WISCONSINREPORT.COM (06/29/2009) - State Senator Tim Carpenter (D-Milwaukee) says Wisconsin has now succeeded in what he calls a long struggle to bring mandatory auto insurance to Wisconsin. Governor Jim Doyle signed into law legislation that requires drivers in Wisconsin to carry auto insurance. Wisconsin joins the 48 other states that have what Carpenter calls a commonsense requirement. Meanwhile, some Republicans are voicing objections to some of the auto insurance requirements.
“For decades, I have joined with like-minded colleagues to fight the special interests that lobbied to stop this from becoming a reality in Wisconsin. Ninety-two percent of my constituents who have responded to District-wide surveys have been in support of mandatory auto insurance.
Responsible drivers should not have to be liable for damages caused by those who have chosen not to carry insurance. It is a privilege to drive on the roads in Wisconsin, and carrying insurance should be a responsibility we take to enjoy that privilege,” said Carpenter.
“When the leadership of the Senate asked my advice as to what would be important to add to the budget when it came to the Senate, I asked to add only one thing: mandatory auto insurance. It is time,” said Carpenter.
“Thanks are in order to my colleague Sen. John Lehman for his long-time advocacy on this issue, to the Senate leadership for supporting this provision in both the Senate and the Conference Committee, and to the Governor for signing the bill into law,” said Carpenter.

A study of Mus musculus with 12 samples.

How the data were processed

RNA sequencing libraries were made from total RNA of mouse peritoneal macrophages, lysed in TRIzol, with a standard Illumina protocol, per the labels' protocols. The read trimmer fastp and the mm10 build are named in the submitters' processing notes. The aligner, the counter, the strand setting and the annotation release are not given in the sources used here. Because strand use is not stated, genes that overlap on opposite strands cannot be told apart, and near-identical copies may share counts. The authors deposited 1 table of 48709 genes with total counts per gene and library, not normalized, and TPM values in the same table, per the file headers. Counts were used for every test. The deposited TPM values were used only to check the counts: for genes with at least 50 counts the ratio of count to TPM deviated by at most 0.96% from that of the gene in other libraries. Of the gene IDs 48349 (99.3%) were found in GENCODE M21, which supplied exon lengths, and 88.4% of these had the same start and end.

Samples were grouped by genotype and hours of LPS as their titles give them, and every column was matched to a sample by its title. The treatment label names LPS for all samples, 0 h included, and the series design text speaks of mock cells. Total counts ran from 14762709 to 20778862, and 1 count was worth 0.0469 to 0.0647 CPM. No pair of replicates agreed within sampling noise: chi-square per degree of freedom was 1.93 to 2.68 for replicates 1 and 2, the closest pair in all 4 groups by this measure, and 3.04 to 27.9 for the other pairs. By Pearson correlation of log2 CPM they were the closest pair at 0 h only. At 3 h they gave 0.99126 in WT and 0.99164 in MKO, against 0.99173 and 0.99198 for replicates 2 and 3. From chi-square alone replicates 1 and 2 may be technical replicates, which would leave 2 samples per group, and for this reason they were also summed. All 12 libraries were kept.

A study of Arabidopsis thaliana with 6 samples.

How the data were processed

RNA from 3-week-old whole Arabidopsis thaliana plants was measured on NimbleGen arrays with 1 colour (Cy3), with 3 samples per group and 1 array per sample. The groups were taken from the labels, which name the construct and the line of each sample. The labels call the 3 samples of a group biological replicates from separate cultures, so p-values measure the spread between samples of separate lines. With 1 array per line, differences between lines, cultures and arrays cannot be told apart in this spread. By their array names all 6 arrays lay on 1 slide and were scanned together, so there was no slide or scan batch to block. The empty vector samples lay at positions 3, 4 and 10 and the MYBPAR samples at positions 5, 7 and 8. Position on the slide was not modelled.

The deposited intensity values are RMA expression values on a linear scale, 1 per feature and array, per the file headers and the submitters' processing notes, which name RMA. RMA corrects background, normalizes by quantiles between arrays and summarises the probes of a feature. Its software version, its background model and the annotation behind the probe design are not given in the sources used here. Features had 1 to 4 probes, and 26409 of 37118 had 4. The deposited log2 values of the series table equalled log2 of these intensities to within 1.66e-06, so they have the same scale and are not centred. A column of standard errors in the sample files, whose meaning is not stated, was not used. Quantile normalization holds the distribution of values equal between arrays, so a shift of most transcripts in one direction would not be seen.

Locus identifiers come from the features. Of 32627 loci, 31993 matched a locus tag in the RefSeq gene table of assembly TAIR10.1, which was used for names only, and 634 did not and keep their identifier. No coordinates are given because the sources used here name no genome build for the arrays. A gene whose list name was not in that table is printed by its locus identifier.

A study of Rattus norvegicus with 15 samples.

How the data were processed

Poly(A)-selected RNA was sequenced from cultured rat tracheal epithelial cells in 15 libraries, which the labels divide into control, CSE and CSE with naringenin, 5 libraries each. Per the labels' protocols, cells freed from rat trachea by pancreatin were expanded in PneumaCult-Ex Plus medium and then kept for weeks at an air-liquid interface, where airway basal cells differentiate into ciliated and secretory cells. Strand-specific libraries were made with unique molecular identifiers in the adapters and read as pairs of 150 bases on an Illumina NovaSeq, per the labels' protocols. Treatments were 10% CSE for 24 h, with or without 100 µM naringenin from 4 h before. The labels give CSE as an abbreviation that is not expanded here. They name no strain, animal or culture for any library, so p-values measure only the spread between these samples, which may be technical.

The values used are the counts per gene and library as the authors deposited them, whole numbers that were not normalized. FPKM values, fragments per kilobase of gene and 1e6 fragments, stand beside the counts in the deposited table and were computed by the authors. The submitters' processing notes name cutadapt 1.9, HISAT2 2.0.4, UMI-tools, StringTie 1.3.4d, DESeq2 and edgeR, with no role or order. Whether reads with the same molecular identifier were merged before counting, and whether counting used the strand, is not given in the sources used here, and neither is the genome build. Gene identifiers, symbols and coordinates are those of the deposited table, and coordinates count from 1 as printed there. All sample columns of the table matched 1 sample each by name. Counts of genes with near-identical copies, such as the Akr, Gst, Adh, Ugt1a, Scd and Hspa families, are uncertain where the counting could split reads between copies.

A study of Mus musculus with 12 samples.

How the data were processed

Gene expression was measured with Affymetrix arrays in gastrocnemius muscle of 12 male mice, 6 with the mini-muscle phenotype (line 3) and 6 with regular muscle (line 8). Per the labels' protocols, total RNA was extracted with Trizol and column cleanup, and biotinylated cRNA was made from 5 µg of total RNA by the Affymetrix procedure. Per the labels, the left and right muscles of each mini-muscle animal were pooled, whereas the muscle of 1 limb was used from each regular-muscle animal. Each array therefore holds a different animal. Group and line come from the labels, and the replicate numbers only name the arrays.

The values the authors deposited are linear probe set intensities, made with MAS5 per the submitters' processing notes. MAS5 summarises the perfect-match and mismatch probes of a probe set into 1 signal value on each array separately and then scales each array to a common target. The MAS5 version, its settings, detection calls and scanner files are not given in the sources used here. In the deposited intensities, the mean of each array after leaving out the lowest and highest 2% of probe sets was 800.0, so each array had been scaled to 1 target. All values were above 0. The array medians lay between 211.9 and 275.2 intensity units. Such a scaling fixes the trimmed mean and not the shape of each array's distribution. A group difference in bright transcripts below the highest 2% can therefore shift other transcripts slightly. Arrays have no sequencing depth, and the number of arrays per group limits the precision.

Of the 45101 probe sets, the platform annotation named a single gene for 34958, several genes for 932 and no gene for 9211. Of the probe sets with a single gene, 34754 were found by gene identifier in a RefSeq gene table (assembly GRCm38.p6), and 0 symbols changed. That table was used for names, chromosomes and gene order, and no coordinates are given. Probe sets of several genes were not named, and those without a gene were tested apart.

“The people of Wisconsin are the winners as this becomes law. It is the responsible and sensible thing to do, and I am proud to have advocated for my constituents on getting mandatory auto insurance to become a reality in Wisconsin,” said Carpenter.
Representative John Nygren (R-Marinette) issued the following statement regarding Governor Doyle’s partial veto of auto insurance provisions contained in the budget:
“While I am disappointed the Governor did not remove all of the ill-conceived provisions adversely affecting auto insurance in the budget, I am glad he was receptive to my call to remove and modify some of them," Representative Nygren said.
"While the Governor’s modifications are a step in the right direction, the changes instituted in the budget still place a heavy burden of higher auto insurance premiums on the responsible Wisconsin driver at a time when they can least afford them," Nygren continued.
"I hope this is the last we see of these harmful provisions and I urge the democrats to not re-introduce this language as separate legislation," Assembly Representative Nygren said.
"It’s time we focus our efforts on job creation and retention to help the people of Wisconsin. I look forward to working with my colleagues on important job creation legislation,” said Nygren.